CBI’s former interim director M Nageswara Rao was today (Tuesday, Feb 12) held guilty of violating Supreme Court orders by transferring CBI joint director officer Arun Sharma who was the lead investigator in Muzaffarpur Shelter Home case.

The court also held Rao’s legal officer, CBI’s Director of Prosecution S Bhasuran, guilty of contempt.

“It is not an error. It is wilful disobedience,” a livid Chief Justice Ranjan Gogoi said. Rejecting their apology, the judges imposed a fine of Rs 1 lakh each on Nageswara Rao and Bhasuran and told them to sit in a corner of the courtroom till the court rises for the day.

The Supreme Court had placed an embargo on transfers of all CBI officers involved with the investigation into alleged sexual exploitation of inmates at the shelter home in Bihar’s Muzaffarpur district.

On February 7, while hearing a petition filed in the shelter home case, a Supreme Court bench led by Chief Justice Ranjan Gogoi and comprising Justices L Nageswara Rao and Sanjiv Khanna was incensed to discover that CBI joint director AK Sharma who was leading the probe had been transferred without prior approval of the court.


“You have played with our orders. God help you,” Chief Justice Ranjan Gogoi had said during the last hearing.

Yesterday, Rao had filed an “unconditional apology” with the Supreme Court, admitting to having violated its order by transferring Sharma but insisting that the action “came to be made not with any deliberate or disobedient intent” and that it was “never my intention to undermine the majesty of this Hon’ble Court, or to flout or circumvent any direction of this Hon’ble Court.”

“I sincerely realise my mistake and while tendering my unqualified and unconditional apology, I specially state I have not wilfully violated the order of this court as I cannot even dream of violating or circumventing order of this court,” Rao said in his affidavit.

As the court took up the contempt case on Tuesday, Attorney General Venugopal appeared before the bench and said that the former interim CBI director “admits his mistake”.


As Venugopal continued to plead that Rao may be excused owing to his unconditional apology, the bench wondered why the interim CBI chief had “kept silent for two weeks” after Sharma’s transfer was effected and not sought “post facto approval” of the court for his decision.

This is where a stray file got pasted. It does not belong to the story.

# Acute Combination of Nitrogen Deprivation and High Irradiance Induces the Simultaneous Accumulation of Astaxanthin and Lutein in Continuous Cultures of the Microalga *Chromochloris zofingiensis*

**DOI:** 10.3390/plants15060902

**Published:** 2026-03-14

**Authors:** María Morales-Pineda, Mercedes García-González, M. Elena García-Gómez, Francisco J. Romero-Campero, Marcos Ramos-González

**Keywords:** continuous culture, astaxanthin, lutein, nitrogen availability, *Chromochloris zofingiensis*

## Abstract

“We are not inclined to accept his apology… we are of the view that he should be held guilty of contempt,” the Chief Justice said, even as Venugopal prayed for leniency. The Chief Justice then asked the Attorney General: “should we hear you on the point of sentence or him (Rao)”.

The Attorney General sought to protect Rao from being penalised by trying to turn the blame for violation of the court’s orders on “junior law officers” of the government. Venugopal argued that Rao had recommended to the ACC to transfer Sharma after getting due legal advice from them and that the junior lawyers officers of the Central Law Agency failed to inform the court and get its approval on the transfer.

Unimpressed, the Chief Justice said: “his (Rao’s) attitude is, I have done what I think is best (sic).”

“I have not invoked contempt powers and punished anyone in the last 20 years,” Chief Justice Gogoi said: “but there has to be a first time to maintain the integrity… this (Rao’s action) is brazen.”

The bench then made it clear that it was holding Rao as well as Bhasuran guilty of contempt and said it would hear the former interim CBI chief on the quantum of sentence to be awarded.


However, the court, while holding Rao guilty of contempt, clarified that the transferred officer, AK Sharma, will not return to lead the shelter home probe and his transfer, made in violation of court orders, will not be rescinded.

Rao had taken over as interim CBI chief when the Centre and Central Vigilance Commission (CVC) divested Alok Verma of his responsibilities as the agency’s director on October 23. The very next day, Rao had issued transfer orders for a slew of officers known for their proximity to Verma and those who were, at the point, part of a Special Investigation Team (SIT) that was probing the CBI’s then special director Rakesh Asthana in graft cases.

Verma had rescinded these transfer orders during the two days that he returned as CBI director (on January 8 and 9) following his conditional reinstatement by the Supreme Court. On January 10, when Verma was summarily sacked as CBI director by the selection panel mandated to appoint the agency’s chief, Rao returned as interim chief and re-issued the transfer orders.

The transfers were controversial to begin with as they appeared to be a move aimed at scuttling the probe against Asthana. Some of these transfers are also under challenge in the Supreme Court.